The shadow of 1984: Sajjan Kumar’s conviction

Sajjan Kumar’s conviction reignites hope of substantial justice for riot victims

December 18, 2018 12:04 am | Updated December 03, 2021 10:03 am IST

Five years ago, there wasn’t even a sliver of hope that any influential Congress leader would be brought to justice for the anti-Sikh pogrom of 1984. A trial court had acquitted former MP Sajjan Kumar, rejecting the testimony of witnesses who said he was seen instigating riots in the Raj Nagar area of Delhi Cantonment on November 1, 1984, in the aftermath of Indira Gandhi’s assassination. In reversing the acquittal and sentencing Kumar to imprisonment for the remainder of his life, the Delhi High Court has reignited hope for substantial justice. The 207-page judgment by a Division Bench, comprising Justice S. Muralidhar and Justice Vinod Goel, is proof, if any were needed, that the Delhi Police and its Riot Cell had failed to carry out a genuine investigation. From the deliberate failure to record any untoward incident in the station’s daily register to avoiding the examination of key witnesses, there is a long trail of evidence that points a damning finger at the police and the state machinery. This case is an example not only of the slowness of judicial processes but also of derailed investigations. It was only after the Central Bureau of Investigation entered the scene and revived this particular case related to the murder of five members of a Sikh family in 2005 — based on a recommendation by the Nanavati Commission — that the investigation made meaningful progress.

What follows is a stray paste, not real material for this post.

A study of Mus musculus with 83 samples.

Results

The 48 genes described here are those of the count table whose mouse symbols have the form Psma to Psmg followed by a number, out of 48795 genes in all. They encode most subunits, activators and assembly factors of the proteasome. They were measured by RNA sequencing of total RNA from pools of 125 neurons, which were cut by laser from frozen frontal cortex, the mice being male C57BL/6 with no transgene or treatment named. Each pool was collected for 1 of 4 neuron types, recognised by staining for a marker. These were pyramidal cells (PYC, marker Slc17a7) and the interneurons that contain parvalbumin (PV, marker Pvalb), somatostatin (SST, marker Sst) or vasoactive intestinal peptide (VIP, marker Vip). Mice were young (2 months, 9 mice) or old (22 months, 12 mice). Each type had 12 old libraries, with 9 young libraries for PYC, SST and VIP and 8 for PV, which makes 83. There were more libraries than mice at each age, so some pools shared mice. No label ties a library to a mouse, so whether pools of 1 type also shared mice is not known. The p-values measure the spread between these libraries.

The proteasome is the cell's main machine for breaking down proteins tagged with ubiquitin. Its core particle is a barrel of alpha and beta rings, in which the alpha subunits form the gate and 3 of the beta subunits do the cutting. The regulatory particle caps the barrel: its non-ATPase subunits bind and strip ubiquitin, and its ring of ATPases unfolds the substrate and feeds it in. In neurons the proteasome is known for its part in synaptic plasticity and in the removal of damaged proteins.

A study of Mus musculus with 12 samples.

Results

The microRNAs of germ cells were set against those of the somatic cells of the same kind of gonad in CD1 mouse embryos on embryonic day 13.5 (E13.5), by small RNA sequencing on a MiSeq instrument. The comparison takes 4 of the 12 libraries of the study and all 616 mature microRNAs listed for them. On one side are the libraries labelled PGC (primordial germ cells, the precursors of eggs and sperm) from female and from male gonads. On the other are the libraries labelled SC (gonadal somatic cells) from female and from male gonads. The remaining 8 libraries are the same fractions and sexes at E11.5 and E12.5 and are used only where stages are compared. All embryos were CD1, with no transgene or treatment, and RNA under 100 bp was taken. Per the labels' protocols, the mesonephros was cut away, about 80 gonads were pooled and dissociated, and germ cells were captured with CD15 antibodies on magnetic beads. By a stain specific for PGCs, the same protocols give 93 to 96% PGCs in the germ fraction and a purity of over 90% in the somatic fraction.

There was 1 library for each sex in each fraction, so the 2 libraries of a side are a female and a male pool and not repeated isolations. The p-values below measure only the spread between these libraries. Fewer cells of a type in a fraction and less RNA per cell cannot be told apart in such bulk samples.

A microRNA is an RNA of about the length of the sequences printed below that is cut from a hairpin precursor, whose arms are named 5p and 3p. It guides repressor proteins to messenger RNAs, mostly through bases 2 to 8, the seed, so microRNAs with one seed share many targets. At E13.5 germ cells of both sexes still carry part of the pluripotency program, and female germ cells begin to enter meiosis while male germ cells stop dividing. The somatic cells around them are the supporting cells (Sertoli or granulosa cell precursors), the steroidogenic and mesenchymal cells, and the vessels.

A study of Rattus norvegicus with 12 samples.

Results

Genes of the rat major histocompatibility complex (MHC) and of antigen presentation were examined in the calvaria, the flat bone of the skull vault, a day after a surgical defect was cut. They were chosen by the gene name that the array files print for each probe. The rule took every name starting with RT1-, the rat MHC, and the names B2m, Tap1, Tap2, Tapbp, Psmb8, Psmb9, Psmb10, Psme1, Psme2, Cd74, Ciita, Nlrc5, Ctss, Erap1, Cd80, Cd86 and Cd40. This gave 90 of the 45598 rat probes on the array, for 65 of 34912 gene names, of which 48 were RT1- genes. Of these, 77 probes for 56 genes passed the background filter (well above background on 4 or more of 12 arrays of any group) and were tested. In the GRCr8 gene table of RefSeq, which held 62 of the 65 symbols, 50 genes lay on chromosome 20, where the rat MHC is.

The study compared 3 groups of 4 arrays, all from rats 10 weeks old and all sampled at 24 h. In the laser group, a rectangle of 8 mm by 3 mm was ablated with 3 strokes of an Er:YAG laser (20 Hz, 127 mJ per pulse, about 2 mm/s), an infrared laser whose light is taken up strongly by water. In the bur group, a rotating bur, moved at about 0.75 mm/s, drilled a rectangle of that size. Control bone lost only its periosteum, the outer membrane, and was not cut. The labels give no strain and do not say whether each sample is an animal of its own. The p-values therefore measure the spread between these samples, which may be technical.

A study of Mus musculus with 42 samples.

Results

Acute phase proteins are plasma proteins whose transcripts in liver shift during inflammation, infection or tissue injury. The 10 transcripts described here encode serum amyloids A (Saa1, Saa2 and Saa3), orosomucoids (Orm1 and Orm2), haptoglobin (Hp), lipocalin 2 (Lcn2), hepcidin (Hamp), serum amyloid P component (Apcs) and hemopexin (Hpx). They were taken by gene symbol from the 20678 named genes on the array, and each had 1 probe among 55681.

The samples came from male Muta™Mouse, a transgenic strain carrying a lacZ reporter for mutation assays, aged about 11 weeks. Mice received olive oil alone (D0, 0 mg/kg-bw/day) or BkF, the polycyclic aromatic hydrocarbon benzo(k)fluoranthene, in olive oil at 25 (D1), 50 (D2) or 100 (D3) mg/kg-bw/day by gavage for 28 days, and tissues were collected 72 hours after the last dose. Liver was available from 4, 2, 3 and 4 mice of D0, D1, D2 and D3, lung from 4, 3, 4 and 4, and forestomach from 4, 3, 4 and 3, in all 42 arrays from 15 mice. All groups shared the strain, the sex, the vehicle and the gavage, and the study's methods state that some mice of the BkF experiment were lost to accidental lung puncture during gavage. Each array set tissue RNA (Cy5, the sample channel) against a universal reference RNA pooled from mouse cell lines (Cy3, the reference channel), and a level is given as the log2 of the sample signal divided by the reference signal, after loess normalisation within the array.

The entire CBI case turned on the testimony of Jagdish Kaur, who is described by the High Court as a “fearless and truthful witness”, and its corroboration by two others. Her deposition was sought to be impeached on the ground that she had not named Sajjan Kumar before the Ranganath Misra Commission. As it turned out, she may actually have done so, in Punjabi; the English version of her statement did not have it. In addition, the court found that Kumar had been named in nearly a dozen affidavits in 1985 itself, but none had been investigated. In one case, a prepared charge sheet had not been filed in court. Such was his influence that in 1990 when the CBI went to arrest him, the officers were held hostage until an anticipatory bail order was obtained, even as their vehicles were burnt by his supporters outside his house. The 73-year-old former strongman may now pin his hopes on an appeal to the Supreme Court, but there is little doubt that judicial decisions such as this reinforce the hope that political patronage, administrative complicity and plain muscle power cannot prevail over the truth all the time. The court has also flagged the need for a separate law for punishment for crimes against humanity and genocide, both seen so far as part of international law but rarely invoked in domestic crimes. Given the major communal flashpoints in recent history that have been cited by the court, the issue is worth positive consideration.